HEAR TODAY, GONE TOMORROW

Are all those iPods in the stockings bringing some coal along with them too? A Northwestern University audiologist says that misuse of the distinctive type of earphones that come with Apple Computer's hot-selling iPod line, as well as other MP3 players, can eventually lead to hearing loss. In an item on Science Daily's website, iPod's Popular Earbuds: Hip or Harmful?, Prof. Dean Garstecki says that the little earphones may be causing "the kind of hearing loss in younger people typically found in aging adults."

Garstecki sees the new earbud design, positioned directly in the ear, as being potentially more dangerous to your hearing than the "muff-type" earphones of earlier generations of music devices, such as the Walkman. Earbuds can boost the sound signal by as much as 6 to 9 decibels. "That's the difference in intensity between the sound made by a vacuum cleaner and the sound of a motorcycle engine," says Garstecki.

Not only do today's devices boost sound signal input to the ears, they encourage prolonged exposure at higher volumes with their capacity to play music continuously and for much longer sessions, which also contributes to potential hearing damage. Northwestern researchers have measured the typical output of earbuds, to student users, at 110 to 120 decibels. "That's a sound level that's equivalent to the measures that are made at rock concerts," according to Garstecki, chairman of Northwestern's communication sciences and disorders department. "And it's enough to cause hearing loss after only about an hour and 15 minutes."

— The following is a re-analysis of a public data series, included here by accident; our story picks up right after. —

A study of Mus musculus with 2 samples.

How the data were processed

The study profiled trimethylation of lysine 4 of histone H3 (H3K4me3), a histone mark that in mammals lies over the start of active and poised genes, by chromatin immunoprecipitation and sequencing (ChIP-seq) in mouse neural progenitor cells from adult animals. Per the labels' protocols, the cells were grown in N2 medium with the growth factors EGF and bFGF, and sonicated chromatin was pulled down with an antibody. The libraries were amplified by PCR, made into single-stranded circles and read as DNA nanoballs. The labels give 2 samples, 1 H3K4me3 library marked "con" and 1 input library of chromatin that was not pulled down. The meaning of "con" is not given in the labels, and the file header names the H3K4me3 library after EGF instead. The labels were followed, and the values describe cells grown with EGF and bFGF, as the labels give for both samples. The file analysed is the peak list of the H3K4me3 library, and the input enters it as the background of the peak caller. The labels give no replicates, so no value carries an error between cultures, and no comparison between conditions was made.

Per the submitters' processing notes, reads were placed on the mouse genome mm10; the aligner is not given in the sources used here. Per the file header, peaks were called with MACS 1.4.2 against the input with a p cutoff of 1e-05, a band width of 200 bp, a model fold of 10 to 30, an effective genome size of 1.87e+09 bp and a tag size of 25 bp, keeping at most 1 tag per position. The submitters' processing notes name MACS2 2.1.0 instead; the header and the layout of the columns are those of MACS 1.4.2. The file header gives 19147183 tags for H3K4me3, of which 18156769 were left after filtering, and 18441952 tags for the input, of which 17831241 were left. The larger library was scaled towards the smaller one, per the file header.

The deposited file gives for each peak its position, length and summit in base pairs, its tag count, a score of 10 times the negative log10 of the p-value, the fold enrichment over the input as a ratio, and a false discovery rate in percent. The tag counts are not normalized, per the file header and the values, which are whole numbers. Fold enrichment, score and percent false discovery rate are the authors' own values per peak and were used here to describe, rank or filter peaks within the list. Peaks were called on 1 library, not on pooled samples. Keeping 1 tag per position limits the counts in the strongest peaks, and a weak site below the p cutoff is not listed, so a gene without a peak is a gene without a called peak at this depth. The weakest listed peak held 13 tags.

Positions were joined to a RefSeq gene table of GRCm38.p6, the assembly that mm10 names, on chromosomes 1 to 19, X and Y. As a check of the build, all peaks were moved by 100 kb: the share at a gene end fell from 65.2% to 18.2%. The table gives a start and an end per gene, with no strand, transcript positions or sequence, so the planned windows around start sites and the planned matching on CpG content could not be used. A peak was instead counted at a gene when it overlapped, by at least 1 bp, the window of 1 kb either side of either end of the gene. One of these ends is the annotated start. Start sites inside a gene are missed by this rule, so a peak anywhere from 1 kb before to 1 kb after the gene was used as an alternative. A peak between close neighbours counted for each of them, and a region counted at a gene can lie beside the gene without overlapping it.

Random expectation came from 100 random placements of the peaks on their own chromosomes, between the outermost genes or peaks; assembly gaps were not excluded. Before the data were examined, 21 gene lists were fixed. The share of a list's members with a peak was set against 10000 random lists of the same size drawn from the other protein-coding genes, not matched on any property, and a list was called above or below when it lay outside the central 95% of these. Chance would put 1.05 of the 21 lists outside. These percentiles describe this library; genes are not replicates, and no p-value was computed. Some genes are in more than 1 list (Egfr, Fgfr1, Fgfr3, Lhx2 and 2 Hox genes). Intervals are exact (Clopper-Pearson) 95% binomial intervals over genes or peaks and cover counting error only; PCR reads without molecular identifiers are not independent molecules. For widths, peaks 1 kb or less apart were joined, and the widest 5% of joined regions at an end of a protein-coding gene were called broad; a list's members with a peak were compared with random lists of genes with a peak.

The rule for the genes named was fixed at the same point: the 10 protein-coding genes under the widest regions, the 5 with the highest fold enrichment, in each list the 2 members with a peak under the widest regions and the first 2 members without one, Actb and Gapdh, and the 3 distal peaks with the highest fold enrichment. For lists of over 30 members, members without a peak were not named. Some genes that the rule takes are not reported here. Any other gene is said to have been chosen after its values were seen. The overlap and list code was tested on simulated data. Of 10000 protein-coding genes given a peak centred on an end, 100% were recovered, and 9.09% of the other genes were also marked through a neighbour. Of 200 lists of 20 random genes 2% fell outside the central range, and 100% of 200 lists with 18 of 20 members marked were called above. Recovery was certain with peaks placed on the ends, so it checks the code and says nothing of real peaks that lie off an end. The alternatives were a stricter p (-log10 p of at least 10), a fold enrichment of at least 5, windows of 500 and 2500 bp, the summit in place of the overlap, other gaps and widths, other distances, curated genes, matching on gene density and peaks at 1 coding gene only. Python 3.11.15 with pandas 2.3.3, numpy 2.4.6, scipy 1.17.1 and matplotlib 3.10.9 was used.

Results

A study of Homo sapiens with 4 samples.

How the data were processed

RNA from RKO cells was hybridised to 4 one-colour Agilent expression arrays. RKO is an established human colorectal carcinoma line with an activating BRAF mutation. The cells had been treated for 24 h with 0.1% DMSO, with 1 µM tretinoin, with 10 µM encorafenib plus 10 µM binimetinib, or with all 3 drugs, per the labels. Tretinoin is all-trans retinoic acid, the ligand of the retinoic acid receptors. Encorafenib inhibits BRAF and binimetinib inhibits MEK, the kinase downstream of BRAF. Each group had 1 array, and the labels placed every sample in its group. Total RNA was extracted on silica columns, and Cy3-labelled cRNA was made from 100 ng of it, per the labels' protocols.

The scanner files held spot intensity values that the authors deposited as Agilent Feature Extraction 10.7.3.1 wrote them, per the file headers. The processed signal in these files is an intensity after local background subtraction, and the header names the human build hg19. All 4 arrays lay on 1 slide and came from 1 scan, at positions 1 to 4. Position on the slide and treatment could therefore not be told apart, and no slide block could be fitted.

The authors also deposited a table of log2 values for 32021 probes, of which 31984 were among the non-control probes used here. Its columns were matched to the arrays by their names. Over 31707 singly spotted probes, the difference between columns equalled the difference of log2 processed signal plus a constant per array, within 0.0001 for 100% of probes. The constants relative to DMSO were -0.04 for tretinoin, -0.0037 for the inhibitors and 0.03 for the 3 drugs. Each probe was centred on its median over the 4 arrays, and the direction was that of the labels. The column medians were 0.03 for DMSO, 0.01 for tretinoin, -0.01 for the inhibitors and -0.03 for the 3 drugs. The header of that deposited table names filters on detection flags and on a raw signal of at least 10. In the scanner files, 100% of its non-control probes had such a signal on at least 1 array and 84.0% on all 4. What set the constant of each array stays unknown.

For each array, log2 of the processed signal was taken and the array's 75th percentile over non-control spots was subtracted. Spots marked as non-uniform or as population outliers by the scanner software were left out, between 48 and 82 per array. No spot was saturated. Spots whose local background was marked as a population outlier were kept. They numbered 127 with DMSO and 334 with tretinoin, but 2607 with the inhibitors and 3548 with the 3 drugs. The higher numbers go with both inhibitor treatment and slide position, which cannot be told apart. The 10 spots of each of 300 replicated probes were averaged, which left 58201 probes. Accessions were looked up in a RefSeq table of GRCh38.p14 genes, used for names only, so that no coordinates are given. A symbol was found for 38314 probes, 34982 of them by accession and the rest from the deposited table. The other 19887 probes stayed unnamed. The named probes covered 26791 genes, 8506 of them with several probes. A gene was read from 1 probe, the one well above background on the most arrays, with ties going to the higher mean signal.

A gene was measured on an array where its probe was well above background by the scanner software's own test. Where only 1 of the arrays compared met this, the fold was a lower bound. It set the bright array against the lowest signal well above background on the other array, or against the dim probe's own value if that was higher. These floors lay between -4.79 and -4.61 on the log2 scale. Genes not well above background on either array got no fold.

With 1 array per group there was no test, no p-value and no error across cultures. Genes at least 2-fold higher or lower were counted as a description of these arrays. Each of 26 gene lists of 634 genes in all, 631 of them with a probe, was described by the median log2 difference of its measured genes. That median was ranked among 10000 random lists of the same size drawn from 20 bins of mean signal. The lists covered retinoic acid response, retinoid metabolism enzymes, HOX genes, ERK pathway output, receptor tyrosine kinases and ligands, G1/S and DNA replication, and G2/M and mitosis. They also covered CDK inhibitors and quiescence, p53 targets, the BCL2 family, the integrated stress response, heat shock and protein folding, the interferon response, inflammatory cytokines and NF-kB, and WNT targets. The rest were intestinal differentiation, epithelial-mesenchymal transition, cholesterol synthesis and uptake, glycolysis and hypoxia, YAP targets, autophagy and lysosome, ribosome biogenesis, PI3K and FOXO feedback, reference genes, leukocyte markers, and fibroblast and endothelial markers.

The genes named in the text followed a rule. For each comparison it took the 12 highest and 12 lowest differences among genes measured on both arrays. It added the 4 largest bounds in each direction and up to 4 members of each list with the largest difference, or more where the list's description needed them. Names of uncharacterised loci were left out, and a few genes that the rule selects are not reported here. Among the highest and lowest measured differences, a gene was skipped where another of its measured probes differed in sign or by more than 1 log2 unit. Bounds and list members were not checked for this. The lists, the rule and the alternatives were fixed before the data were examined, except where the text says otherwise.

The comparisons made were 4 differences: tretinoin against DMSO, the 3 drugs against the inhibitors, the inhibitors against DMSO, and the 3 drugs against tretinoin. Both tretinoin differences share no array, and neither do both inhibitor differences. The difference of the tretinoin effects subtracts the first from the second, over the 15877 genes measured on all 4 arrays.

Garstecki advises that iPod/MP3 users limit their listening to 60 minutes at a time at a volume setting of 6 on the 10-point volume control. He also recommends that listeners simply replace the iconic earbuds with older-style headphones. "If music listeners are willing to turn the volume down further still and use different headphones, they can increase the amount of time that they can safely listen." He admits, though, that with today's style-conscious young people, these solutions might be a "hard sell." (Compounding matters among youthful music lovers who are fans of rock and rap, these genres are usually played even louder than other types of music, such as jazz and classical).

Here, you can listen to Prof. Garstecki's original comments. But don't play them too loud. And if you're thinking of giving the gift of iPod to a young person for the holidays, you might want to consider an alternative earphone. They may thank you, eventually.